The Government of Kuwait, through the generosity of His Highness the Amir Sheikh Sabah Al-Ahmad Al-Jaber Al-Sabah, has presented The George Washington University with a gift of $4.5 million as an endowment for GW's Institute for Middle East Studies and for the Global Resources Center's Middle East and North Africa Research Center at the Gelman Library.
"I am deeply grateful to the Government of Kuwait and His Highness the Amir for their continued support of the George Washington University," said GW President Knapp. "This latest gift will further our efforts to strengthen the relationship between the United States and the Middle East, both through the Elliott School's Institute for Middle East Studies and through our special collections in the Gelman Library."
In 2008, the government of Kuwait presented GW with a gift of more than $1 million to support the Institute for Middle East Studies, which is based at GW's Elliott School of International Affairs. This followed a 2005 gift of $3.4 million from the Kuwait Foundation for the Advancement of Sciences to establish the Kuwait Chair for Gulf and Arabian Peninsula Affairs, which is held by Amb. Edward W. Gnehm Jr, former U.S. ambassador to Kuwait, Jordan, and Australia.
"A deep understanding of the Middle East is essential to understanding international affairs in the 21st century," said Elliott School Dean Michael E. Brown. "This gift will enable the Elliott School to expand its research, education, and policy engagement efforts related to this vital region."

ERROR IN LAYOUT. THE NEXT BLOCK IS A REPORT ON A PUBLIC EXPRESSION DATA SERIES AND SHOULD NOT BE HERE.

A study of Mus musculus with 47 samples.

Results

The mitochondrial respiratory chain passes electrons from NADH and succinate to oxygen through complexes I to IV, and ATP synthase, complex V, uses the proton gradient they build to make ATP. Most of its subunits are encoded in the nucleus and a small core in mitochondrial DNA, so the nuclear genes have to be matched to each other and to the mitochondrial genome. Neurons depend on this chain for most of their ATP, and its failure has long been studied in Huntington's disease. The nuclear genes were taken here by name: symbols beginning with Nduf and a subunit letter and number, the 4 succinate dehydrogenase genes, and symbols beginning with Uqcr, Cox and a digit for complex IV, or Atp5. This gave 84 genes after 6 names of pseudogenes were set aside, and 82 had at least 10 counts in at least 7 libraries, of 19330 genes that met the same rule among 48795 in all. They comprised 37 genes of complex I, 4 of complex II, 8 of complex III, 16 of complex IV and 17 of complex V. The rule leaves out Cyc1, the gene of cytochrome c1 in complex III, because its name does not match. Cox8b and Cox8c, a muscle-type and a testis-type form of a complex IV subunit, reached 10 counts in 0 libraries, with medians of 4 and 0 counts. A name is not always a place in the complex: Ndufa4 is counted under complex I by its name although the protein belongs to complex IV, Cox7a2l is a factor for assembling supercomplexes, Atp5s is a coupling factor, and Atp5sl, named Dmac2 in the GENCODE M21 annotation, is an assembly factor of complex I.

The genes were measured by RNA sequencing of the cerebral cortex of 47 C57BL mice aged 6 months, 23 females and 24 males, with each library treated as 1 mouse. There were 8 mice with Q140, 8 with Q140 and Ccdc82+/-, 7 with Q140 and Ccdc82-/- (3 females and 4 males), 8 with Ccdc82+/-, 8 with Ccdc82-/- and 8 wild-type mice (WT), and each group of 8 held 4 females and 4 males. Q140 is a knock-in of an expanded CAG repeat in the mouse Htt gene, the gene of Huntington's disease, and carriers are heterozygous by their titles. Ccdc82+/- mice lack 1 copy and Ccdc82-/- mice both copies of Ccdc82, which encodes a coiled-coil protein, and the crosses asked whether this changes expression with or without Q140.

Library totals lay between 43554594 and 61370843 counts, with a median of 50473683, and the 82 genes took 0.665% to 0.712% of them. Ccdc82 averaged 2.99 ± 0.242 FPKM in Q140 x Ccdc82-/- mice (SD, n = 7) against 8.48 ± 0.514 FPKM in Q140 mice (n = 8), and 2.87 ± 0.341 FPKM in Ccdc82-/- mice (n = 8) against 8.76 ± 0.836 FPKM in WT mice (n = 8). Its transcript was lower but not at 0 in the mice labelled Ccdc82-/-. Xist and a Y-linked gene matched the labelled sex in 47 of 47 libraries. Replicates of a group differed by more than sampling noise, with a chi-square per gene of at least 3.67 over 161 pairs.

"The generous donation will greatly benefit the Gelman Library's new Middle East and North Africa Research Center as we continue to work together with GW's faculty and students to shape meaningful services and resources," said Global Resources Director Cathy Zeljak.
The Elliott School's Institute for Middle East Studies is a non-partisan, scholarly institute located in the midst of some of the most important U.S., international, and nongovernmental organizations in the world. The institute defines its scope in broad, inclusive terms: geographically, it examines the entirety of the greater Middle East; academically, it draws on multidisciplinary expertise in the fields of anthropology, economics, geography, history, language and literature, and politics. The institute sponsors an array of teaching, research, policy, and special event programs on issues ranging from security and conflict to politics and governance to economic development, energy, and environmental challenges.
The George Washington University's Elliott School of International Affairs is one of the world's leading schools of international affairs and the largest school of international affairs in the United States. Located in the heart of Washington, D.C., its mission is to educate the next generation of international leaders, conduct research that advances understanding of important global issues, and engage the policy community in the United States and around the world.
The mission of the George Washington University Libraries' Global Resources Center (GRC) is to support international and regional studies as emphasized throughout the courses and programs currently available to GW's undergraduate and graduate students. The GRC focuses primarily upon the political, socio-economic, historical, and cultural aspects of countries and regions around the globe from the 20th Century onward.